JEFFERSON CITY • Missouri voters appear poised to snuff out two proposed tobacco tax increases on this year’s general election ballot, according to a new Post-Dispatch poll.
In a telephone survey of 625 voters conducted Monday through Wednesday, the two ballot initiatives calling for raising Missouri’s lowest-in-the-nation cigarette tax received scant support, despite more than $18 million in contributions to the cause from tobacco companies.
By contrast, the poll showed robust support for two other questions on the ballot, including one that would reinstate caps on campaign contributions and a separate GOP-led effort to require voters to present a photo ID before casting a ballot.
The poll surveyed voters on four of the six ballot initiatives facing voters this year. Other questions on the ballot include whether to keep a special sales and use tax that benefits state soil and water conservation programs and whether to prohibit the state from imposing taxes on services, such as haircuts and dry cleaning.
The negative responses to the cigarette tax increases surprised Mason-Dixon Polling & Research Managing Director Brad Coker.
Asked whether they support a 23-cent increase in the 17-cent-per-pack tobacco tax, just 39 percent of the respondents said “yes,” with 54 percent saying “no.”
Just 43 percent of those polled said they would support a separate cigarette tax increase proposal on the ballot that would phase in a 60-cent-per-pack tax increase to pay for early childhood initiatives. The poll found 49 percent poised to vote “no” on the proposal.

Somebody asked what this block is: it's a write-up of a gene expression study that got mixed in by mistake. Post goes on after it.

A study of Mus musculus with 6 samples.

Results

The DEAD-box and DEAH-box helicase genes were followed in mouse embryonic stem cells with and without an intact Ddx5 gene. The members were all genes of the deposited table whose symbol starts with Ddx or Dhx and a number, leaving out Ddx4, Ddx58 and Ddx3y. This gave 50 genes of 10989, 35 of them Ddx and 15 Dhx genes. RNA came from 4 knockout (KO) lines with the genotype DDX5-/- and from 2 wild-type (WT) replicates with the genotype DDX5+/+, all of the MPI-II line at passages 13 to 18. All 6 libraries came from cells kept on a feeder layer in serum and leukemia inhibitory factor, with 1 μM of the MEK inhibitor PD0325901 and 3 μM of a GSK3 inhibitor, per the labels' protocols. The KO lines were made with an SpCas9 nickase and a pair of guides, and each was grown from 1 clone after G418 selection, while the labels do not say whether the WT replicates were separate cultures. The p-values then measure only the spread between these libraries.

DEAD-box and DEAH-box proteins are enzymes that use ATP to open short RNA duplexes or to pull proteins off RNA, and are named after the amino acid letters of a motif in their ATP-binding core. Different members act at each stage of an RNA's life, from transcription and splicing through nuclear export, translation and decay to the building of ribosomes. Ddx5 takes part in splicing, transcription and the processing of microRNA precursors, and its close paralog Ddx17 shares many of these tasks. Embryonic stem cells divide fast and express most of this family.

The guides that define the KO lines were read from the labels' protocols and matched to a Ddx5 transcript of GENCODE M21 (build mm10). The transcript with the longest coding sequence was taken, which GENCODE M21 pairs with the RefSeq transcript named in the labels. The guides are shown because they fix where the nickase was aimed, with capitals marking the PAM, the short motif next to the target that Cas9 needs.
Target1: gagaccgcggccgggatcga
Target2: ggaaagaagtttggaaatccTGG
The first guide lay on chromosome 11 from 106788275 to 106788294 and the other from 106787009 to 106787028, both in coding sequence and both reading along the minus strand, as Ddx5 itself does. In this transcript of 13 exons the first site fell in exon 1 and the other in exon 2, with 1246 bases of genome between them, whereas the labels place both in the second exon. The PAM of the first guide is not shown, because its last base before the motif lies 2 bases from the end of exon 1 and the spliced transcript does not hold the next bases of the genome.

“Generally, taxing cigarettes is sort of a popular way of raising money,” Coker said.
Plus, with smoking rates dropping and fewer than one quarter of Missouri adults using tobacco, it would seem like a “no- brainer” that a cigarette tax increase would win, he said.
“If you don’t smoke, why do you care about voting for a tax increase on cigarettes?” Coker said.
Missouri is among four states where voters will decide on Nov. 8 whether to raise cigarette taxes. A Post-Dispatch analysis this week found tobacco companies have contributed $18 million to the initiative.
The poll also found significant support for a proposed constitutional amendment establishing limits on campaign contributions.
The question was supported by 76 percent of poll respondents, with 15 percent opposed and 9 percent saying they were undecided. It had widespread support among both Democrats and Republicans, although the poll found 14 percent of likely GOP voters were undecided.
In a year in which six- and seven-figure campaign contributions from players such as Joplin building products magnate David Humphreys and wealthy ex-financier Rex Sinquefield have become commonplace, the proposal would cap individual contributions at $2,600 per election. Individuals and committees would be able to contribute no more than $25,000 per election cycle to political parties.
Missouri last had campaign contribution limits in 2008.
The poll also found significant support for a proposal requiring voters to prove their identification at a polling place by presenting a government-issued photo ID.
The statewide numbers show it has support from 68 percent of the respondents, compared with 30 percent in opposition. Republicans, who say it will stop fraud at the polls, back the idea by a 94 percent margin.
Among Democrats, who say requiring a photo ID is an attempt by Republicans to suppress voter turnout, the poll found only 38 percent support the change.
Coker said voters were not put off by the idea of having to show their ID.
“You have to show it at so many places now. Showing your drivers license is not something people find offensive,” the pollster said.